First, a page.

Supreme Court against the National and Prefectural Governments

Transcript of statement made on April 25, 2006 at the Japan Foreign Correspondents' Club press conference (Japan's Worst Pollution Disaster - MINAMATA DISEASE).

Mari Susa, Associate Professor of Law, Kumamoto University

Let me start by asking you a true/false question. Please read the following definition of Minamata Disease given in the third edition of the Oxford Concise Medical Dictionary (2002):

"Minamata disease --a form of mercury poisoning (from ingesting methyl mercury in contaminated fish) that caused 43 deaths in the Japanese coastal town of Minamata during 1953-56. The source of mercury was traced to an effluent containing mercuric sulphate from a local PVC factory. Symptoms include numbness, difficulty in controlling the limbs, and impaired speech and hearing."

Is this passage true or false? After Aileen Smith and Katsuya Kosaka's explanation, I assume that many of you would say the statement is not true. My intention here is not to blame the Oxford Medical Dictionary. Rather, I wanted to show you that simple facts about Minamata disease are still not well-understood. What caused this misunderstanding, then? One of the major reasons could be that the imperfect understanding of science in Japan concerning Minamata disease might have led people in other countries to have a feeling that Japanese studies were untrustworthy.

Although a definition of Minamata disease is primarily a medical one, under the Law concerning Compensation and Prevention of Pollution-related Health Damage, it has been a legal term as well.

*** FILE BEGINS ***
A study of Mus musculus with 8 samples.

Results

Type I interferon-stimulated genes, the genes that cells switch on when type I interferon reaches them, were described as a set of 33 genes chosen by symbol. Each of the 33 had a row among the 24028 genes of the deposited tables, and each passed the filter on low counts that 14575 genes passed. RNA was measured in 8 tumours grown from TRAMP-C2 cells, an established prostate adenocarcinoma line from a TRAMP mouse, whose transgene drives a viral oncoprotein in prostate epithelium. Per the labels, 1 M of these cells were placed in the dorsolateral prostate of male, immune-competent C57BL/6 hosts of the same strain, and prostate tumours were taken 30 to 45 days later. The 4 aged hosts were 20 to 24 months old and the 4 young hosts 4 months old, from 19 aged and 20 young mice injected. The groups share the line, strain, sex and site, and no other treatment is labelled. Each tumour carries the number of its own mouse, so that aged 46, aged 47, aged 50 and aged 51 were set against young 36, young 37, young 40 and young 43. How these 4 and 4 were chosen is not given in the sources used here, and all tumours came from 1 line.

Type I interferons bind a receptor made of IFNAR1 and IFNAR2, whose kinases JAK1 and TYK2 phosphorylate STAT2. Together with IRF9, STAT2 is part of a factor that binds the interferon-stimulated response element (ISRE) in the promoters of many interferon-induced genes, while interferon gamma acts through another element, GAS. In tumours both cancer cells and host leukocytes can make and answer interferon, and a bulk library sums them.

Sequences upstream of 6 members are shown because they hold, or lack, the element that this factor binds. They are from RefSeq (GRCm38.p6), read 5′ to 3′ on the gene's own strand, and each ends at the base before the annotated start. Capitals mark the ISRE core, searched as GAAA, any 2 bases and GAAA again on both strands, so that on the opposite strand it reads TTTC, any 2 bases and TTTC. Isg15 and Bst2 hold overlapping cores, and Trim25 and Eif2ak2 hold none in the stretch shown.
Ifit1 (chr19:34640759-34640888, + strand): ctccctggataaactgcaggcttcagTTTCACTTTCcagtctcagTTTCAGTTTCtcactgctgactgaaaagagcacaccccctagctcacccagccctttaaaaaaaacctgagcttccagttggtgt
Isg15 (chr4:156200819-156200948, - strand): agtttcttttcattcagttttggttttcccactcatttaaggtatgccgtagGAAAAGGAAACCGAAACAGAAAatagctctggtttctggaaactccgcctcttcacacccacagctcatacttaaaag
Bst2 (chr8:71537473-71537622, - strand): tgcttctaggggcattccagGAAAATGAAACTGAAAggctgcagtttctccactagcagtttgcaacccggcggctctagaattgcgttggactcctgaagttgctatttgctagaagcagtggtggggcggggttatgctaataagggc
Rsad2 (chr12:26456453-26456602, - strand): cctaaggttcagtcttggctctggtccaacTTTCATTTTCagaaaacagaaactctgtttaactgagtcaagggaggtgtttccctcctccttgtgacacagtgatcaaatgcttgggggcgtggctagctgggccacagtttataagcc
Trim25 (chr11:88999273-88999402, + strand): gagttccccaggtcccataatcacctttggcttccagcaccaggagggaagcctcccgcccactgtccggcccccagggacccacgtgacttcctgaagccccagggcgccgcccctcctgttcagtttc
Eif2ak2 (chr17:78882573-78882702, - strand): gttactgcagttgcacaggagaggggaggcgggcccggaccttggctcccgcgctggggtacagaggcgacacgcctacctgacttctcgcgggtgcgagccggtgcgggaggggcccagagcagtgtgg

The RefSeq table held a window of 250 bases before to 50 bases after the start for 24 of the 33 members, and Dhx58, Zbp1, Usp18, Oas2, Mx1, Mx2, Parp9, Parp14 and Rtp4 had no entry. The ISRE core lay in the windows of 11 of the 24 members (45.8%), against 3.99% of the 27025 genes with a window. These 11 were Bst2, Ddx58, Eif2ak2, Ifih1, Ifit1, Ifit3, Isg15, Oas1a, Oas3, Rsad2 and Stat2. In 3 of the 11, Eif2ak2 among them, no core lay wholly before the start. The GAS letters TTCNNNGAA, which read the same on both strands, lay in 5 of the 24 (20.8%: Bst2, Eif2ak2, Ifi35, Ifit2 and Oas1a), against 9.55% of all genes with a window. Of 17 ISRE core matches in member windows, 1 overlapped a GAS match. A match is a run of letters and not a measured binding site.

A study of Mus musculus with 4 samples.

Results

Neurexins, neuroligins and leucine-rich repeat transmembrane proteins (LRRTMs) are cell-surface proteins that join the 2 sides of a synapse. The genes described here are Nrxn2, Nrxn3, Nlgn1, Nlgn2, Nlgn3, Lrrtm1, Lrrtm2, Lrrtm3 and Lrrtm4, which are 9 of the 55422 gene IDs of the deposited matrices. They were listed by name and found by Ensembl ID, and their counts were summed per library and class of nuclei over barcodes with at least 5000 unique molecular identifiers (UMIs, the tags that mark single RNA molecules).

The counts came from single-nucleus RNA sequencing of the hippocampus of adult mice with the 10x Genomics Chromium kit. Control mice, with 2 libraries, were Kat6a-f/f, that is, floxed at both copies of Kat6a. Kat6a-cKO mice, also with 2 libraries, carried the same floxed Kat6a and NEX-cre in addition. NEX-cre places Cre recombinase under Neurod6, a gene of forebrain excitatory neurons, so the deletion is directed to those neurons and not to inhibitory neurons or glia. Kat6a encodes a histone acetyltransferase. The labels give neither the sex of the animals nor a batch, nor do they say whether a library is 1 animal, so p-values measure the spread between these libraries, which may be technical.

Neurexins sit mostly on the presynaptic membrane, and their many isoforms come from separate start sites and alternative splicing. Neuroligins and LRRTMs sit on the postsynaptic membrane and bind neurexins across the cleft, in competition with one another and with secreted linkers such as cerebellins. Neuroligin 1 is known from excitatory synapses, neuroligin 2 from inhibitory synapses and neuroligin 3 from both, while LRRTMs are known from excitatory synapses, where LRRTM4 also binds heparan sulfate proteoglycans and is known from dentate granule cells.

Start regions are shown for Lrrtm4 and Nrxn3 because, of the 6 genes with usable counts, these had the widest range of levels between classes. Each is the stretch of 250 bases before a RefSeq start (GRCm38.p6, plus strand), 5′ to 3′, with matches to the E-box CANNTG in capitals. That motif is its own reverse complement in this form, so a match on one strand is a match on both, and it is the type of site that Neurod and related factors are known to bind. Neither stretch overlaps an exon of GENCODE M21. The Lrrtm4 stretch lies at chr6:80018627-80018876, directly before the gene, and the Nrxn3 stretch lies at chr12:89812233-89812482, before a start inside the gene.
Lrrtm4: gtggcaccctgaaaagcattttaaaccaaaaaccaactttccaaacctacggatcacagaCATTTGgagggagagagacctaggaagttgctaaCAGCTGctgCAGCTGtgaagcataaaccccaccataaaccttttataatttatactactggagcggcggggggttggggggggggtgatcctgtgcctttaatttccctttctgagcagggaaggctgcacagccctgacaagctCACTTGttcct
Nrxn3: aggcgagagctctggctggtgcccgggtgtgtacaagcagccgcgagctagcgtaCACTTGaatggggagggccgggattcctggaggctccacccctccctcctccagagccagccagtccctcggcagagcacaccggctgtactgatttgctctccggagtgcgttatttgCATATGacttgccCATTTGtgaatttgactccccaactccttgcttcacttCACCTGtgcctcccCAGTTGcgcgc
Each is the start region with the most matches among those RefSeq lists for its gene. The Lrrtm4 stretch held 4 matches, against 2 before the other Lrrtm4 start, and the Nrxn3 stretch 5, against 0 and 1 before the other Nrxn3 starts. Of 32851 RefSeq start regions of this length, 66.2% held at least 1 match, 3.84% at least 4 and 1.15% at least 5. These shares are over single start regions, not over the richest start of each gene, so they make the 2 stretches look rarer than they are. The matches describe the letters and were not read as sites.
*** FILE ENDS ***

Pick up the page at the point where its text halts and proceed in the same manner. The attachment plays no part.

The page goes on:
The term "Minamata disease" and "methylmercury poisoning" are used in different contexts by the government. Minamata disease is, certainly, a form of methylmercury poisoning. However, to date, to be legally a Minamata disease patient, sufferers must be officially identified as having Minamata disease according to the Diagnostic Guideline for Minamata disease set forth by the national government in 1977. There have been thousands of people who were not certified under this certification scheme. The plaintiffs who filed the so-called Kansai Lawsuit were among them.

The Supreme Court ruling in the Kansai Lawsuit (October 15, 2002) is significant in that it states the definition of Minamata disease. The ruling, differing from what the Diagnositc Guidelines of Minamata disease set forth by the government in 1977 say, states clearly that the brain is the critical organ in Minamata disease.

In the Osaka High Court ruling, plaintiffs were recognized as methylmercury poisoning cases, hence they were entitled to compensation by the national and prefectural governments. It is noteworthy that the Supreme Court, when it upheld the Osaka High Court ruling, reworded the phrase "methylmercury poisoning cases" to "Minamata disease cases." This should now mean that the Kansai Lawsuit plaintiffs who are not Minamata disease cases according to the government's Diagnostic Guidelines are now proclaimed as Minamata disease cases in the legal context.

The Supreme Court ruling was a landmark ruling in that it established the legal responsibility of government authorities by bringing scientific testimony into the court of law. This ruling in the highest court of the judiciary is an exhortation to the other branches of government, the administrative and legislative, for having failed to properly give relief to the suffers of Minamata disease and thus alleviate this protracted case.

(Adaptations to the text were made for this printed version.)